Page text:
July 27, 2011
WHO World Hepatitis Day Report: One in 12 Living With Chronic Hep B or C
Nearly one out of every three people in the world, about 2 billion people, have been infected with the hepatitis B virus (HBV), and one in 12—more than 520 million people—live with chronic HBV or chronic hepatitis C virus (HCV) infection, according to a report released by the World Health Organization (WHO) ahead of World Hepatitis Day, which is observed July 28.
About 1 million deaths per year are attributed to viral hepatitis infections, the WHO reports. Together, HBV and HCV are the leading cause of liver cancer in the world, accounting for 78 percent of cases.
Most people who have contracted these viruses are unaware of their infection, the report adds. Early diagnosis remains a major goal of the WHO, as it provides the best opportunity for successful medical treatment. It also allows people living with hepatitis to take steps to prevent transmitting the disease to others; for example they can practice safe sex. It also allows them to make lifestyle changes that can help protect their livers from additional harm; specifically, they can eliminate alcohol and certain drugs that are toxic to the liver.
The WHO report notes that all the hepatitis viruses—hepatitis A virus (HAV), hepatitis D virus (HDV) and hepatitis E virus (HEV), as well as HBV and HCV—can be prevented and treated. Safe and effective vaccines are widely available for HAV and HBV. Screening blood used for transfusions—along with using sterile injection equipment, safer sex and harm reduction practices—can prevent transmission of HBV and HCV. As for preventing HAV and HEV, safe food and water are considered to be the best protectors.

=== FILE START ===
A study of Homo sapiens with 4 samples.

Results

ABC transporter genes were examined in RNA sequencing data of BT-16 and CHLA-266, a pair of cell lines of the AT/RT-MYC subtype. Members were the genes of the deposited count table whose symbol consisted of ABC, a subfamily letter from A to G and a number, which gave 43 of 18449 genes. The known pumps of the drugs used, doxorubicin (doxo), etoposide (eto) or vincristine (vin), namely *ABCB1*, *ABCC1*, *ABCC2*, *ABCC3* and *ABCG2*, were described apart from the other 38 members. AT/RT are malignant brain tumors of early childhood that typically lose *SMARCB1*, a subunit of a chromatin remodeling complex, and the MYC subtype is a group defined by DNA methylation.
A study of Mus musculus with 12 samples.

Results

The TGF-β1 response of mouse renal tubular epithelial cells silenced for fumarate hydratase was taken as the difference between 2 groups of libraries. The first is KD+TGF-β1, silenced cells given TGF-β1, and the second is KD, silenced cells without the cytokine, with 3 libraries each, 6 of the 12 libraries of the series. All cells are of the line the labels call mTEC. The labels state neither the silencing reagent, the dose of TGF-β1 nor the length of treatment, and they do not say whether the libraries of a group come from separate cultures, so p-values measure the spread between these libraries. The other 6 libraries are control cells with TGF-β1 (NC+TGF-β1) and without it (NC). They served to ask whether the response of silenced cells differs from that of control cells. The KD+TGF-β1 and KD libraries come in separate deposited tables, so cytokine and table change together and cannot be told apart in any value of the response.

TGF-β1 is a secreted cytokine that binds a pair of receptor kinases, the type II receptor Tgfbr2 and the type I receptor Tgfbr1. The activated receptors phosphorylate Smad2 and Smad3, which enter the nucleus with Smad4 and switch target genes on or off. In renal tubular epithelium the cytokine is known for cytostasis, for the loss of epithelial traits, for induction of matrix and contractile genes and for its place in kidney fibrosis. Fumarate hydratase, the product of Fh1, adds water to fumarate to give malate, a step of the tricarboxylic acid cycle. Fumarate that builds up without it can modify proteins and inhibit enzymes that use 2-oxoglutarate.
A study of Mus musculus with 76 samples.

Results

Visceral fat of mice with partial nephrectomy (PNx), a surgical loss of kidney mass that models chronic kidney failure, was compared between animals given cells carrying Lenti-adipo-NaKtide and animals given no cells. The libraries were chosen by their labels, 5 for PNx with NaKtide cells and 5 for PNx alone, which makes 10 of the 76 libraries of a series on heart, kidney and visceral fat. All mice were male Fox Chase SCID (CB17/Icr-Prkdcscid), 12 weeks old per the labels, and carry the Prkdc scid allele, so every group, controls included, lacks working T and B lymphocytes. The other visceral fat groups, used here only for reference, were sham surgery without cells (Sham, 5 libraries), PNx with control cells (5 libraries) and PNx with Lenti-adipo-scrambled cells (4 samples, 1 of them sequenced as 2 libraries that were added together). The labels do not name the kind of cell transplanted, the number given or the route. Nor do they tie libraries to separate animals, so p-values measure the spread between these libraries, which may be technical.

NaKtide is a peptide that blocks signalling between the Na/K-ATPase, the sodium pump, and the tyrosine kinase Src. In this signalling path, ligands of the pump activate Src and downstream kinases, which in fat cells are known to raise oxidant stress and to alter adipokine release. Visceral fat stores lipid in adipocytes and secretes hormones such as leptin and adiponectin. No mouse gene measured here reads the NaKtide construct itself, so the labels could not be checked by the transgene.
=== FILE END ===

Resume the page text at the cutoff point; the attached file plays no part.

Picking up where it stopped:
The chronic viral hepatitis infections can also be treated.
Treatment of HBV infection has been shown to reduce the risk of liver cancer and death. It is estimated that 20 to 30 percent of people with HBV could benefit from treatment. “However,” the report notes, “drugs active against HBV are not widely available or utilized in persons infected with HBV.”
HCV is generally considered to be a curable disease, but for many people this is not a reality, the report says. Scientific advances and intense research and development have led to the development of many new oral antiviral drugs for HCV infection. A great number of HCV-specific oral drugs are in the late stage of development; some have been recently registered. These are more effective and better tolerated. Yes, the report argues, “much still needs to be done to ensure that these new treatment advances lead to greater access and treatment responses in resource-constrained areas of the world.”
At its 2010 meeting, the World Health Assembly resolved that July 28 should be designated as World Hepatitis Day. World Hepatitis Day is set aside to provide an opportunity for education and greater understanding of viral hepatitis as a global public health problem, and as an opportunity for nations around the world to stimulate and strengthen their measures to prevent and control this disease.